How bittersweet it is to recall pronouncements — on and off the record — by Taiwan-based foreign chambers of commerce and individual businesses that the election of a Chinese Nationalist Party (KMT) government would improve Taiwan’s economy.
How amusing it is, then, to see the American Chamber of Commerce in Taipei (AmCham) and the European Chamber of Commerce Taipei (ECCT) complaining about a KMT legislative amendment that will lower the cap on credit card interest rates and probably damage Taiwan’s attractiveness as an investment destination.
The latter-day KMT is not the technocrat-friendly organization it once was, and in recent times individual legislators have used their authority within the party to advance spurious — sometimes almost anarchic — reforms at the expense of good governance and against all expert advice.
AmCham and the ECCT are absolutely justified in their concerns. But they cannot complain too loudly: They got what they asked for, and there is likely more of this to come. When they lament a “sudden and arbitrary shift in regulatory policy” resulting from political considerations, the real question that arises is why they didn’t heed this tendency when the KMT was in opposition.
Whether in opposition or government, the cultivation and protection of democracy has never been the guiding principle of the KMT machine. This is why it is so willing to cut hasty, unaccountable deals with the Chinese Communist Party. But with this latest display of financial ineptitude, there is a real concern that any economic cooperation framework agreement (ECFA) with China might carry a potentially crippling payload.
The evidence for this has amassed to the extent that it is shocking just how consistently think tanks in the US and other countries are ignoring it.
If Taiwan-based foreign professionals can be taken by surprise by such policy developments, what hope is there for political analysts and legislators overseas who don’t have the inside track?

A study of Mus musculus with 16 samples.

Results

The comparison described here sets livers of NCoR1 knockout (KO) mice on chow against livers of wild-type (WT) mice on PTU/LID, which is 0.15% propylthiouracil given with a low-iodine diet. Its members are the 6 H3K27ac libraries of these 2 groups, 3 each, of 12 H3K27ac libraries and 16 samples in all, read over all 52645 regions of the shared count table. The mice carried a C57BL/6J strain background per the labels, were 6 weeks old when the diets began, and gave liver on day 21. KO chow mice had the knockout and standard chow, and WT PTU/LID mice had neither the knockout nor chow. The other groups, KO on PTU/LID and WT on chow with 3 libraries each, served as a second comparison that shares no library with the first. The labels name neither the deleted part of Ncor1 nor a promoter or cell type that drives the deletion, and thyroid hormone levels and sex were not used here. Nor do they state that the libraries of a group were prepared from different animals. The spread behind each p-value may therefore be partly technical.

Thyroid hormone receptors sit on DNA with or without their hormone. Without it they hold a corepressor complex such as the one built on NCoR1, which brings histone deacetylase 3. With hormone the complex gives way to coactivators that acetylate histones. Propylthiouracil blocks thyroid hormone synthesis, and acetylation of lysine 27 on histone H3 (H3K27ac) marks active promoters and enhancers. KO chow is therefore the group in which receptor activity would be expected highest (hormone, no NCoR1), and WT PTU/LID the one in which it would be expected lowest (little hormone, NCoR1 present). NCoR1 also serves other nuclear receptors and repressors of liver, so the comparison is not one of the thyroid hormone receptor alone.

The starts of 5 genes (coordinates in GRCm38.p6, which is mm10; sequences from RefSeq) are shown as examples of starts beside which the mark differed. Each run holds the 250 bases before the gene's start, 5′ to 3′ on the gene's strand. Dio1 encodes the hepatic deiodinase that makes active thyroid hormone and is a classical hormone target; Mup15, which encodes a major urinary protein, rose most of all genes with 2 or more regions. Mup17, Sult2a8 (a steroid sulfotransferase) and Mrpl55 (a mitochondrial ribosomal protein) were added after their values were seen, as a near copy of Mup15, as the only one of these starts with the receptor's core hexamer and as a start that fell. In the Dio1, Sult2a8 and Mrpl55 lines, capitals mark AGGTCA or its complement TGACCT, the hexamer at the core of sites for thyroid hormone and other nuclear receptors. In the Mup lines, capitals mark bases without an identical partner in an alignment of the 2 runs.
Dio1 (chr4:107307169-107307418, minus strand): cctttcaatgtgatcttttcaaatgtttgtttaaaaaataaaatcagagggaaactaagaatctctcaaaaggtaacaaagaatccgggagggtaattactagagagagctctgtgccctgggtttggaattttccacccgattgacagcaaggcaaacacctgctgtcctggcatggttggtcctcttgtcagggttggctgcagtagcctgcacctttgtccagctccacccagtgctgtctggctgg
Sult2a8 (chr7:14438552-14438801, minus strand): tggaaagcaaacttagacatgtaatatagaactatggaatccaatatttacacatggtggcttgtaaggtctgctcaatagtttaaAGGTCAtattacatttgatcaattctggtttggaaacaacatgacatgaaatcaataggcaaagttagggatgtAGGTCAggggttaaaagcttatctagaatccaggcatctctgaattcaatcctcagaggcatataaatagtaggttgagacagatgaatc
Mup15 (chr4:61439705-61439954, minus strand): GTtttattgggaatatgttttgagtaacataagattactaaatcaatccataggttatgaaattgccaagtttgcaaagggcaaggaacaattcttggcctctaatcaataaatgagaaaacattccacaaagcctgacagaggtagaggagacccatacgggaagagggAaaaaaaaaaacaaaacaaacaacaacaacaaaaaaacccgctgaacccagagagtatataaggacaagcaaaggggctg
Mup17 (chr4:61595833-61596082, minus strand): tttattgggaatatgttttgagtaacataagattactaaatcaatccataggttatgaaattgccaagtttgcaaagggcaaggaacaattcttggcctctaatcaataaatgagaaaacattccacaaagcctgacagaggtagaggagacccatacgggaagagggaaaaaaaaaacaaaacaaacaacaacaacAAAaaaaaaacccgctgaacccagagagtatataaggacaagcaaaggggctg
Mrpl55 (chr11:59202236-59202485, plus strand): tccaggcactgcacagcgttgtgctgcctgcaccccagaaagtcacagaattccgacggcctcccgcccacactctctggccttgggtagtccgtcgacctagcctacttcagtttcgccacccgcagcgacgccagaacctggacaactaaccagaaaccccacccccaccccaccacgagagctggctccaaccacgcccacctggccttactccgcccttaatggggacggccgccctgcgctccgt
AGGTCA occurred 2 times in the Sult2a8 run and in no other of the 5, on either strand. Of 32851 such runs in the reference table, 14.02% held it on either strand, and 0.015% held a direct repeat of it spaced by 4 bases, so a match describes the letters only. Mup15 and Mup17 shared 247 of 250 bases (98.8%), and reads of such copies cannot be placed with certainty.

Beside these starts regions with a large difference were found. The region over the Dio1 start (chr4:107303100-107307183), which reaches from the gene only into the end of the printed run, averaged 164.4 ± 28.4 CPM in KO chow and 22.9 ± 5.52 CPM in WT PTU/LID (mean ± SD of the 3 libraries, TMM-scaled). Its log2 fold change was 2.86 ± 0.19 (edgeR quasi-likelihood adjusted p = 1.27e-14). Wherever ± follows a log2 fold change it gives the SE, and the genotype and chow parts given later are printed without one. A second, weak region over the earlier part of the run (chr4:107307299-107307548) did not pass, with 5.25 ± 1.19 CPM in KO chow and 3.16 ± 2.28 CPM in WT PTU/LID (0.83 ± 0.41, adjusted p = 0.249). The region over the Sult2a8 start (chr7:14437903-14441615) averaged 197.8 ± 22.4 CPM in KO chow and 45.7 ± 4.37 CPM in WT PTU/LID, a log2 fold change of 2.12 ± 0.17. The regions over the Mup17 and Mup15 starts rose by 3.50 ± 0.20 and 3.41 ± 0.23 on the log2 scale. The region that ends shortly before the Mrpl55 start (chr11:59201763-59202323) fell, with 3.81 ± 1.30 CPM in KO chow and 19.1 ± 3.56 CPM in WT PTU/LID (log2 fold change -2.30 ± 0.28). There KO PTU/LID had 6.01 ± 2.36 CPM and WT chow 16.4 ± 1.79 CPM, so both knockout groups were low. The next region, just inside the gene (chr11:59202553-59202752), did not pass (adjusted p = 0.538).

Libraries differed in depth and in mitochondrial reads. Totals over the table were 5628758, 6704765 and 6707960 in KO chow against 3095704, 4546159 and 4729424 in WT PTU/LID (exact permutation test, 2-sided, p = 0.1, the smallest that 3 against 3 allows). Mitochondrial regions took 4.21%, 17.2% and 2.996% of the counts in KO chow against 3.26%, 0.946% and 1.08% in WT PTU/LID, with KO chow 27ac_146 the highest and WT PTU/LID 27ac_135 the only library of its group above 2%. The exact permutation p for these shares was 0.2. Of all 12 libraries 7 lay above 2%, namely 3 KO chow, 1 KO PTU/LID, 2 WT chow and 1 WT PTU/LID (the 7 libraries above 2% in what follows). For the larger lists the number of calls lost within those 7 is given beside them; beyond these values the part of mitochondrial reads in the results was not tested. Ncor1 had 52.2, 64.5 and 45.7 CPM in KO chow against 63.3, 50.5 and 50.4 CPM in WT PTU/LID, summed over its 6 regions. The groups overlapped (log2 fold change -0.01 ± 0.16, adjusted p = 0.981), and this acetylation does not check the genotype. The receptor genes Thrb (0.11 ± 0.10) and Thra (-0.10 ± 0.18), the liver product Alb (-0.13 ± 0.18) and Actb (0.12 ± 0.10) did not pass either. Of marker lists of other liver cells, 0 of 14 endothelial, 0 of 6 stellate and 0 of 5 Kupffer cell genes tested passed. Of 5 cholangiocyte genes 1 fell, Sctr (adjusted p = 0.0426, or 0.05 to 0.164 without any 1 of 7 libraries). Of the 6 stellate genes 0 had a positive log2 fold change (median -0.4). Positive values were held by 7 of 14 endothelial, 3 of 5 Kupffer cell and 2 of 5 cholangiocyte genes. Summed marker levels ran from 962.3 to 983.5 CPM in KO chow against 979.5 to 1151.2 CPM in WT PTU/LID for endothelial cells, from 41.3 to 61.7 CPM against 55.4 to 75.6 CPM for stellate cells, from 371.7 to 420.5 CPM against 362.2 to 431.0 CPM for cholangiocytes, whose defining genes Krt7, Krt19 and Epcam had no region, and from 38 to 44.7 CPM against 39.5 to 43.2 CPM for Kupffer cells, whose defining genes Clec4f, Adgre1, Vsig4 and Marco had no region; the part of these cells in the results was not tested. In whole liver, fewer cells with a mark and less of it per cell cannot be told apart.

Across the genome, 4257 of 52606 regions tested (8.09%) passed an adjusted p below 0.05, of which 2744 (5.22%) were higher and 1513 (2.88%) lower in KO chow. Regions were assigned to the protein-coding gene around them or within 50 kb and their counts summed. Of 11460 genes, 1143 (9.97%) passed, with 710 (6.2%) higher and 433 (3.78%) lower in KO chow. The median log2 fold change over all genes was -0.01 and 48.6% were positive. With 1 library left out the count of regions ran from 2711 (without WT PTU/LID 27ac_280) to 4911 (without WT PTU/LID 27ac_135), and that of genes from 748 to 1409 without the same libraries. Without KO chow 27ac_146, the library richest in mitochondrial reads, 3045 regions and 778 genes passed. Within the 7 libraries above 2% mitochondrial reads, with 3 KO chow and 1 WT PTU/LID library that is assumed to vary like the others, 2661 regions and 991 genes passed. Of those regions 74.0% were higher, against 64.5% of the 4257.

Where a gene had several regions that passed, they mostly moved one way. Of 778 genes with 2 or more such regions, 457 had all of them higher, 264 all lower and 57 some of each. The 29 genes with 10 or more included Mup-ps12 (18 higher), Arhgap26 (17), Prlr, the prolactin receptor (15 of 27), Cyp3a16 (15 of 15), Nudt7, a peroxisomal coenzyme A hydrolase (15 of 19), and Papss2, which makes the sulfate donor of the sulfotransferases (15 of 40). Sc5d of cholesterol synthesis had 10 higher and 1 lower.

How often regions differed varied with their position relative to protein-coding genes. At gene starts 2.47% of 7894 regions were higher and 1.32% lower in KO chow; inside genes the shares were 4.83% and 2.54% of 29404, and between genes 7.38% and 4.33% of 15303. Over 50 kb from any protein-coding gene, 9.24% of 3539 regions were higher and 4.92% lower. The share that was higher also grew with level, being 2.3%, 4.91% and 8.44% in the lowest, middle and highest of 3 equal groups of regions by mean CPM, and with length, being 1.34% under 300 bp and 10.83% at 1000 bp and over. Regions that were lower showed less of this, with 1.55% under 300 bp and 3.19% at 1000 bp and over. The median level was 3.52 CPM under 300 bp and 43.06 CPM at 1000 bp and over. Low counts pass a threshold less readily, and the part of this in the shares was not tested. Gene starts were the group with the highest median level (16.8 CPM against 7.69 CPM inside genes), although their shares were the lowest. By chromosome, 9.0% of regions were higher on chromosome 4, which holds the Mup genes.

In the last few weeks, people in high places in the US Congress have recycled expressions like “peaceful unification” as code for the rejection of the political and economic concerns of half of Taiwan’s population — and possibly many more.
With informed observers feeling gloomier all the time about Taiwan’s ability to defend itself, the “peaceful unification” supported by certain members of the US Congress may turn out to be a self-fulfilling prophecy — but only in part.
“Unification” is certainly on the cards. But the most generous concession that can be offered is that as long as the Chinese Communist Party rules China, “peaceful unification” will remain a fantasy, an expression that George Orwell might have fruitfully used in one of his dystopic novels.
A telling piece of research might solicit the KMT’s Central Standing Committee and other influential party officials on what they would do if — as is most likely — they were forced to choose between a democratic Taiwanese state with control over economic policy and an autocratic, “unified” China in which economics plays second fiddle.
The answer would hardly raise an eyebrow in Taiwan, but it would come as a real shock to foreign analysts here and in the US whose belief in “peaceful unification” is sincere.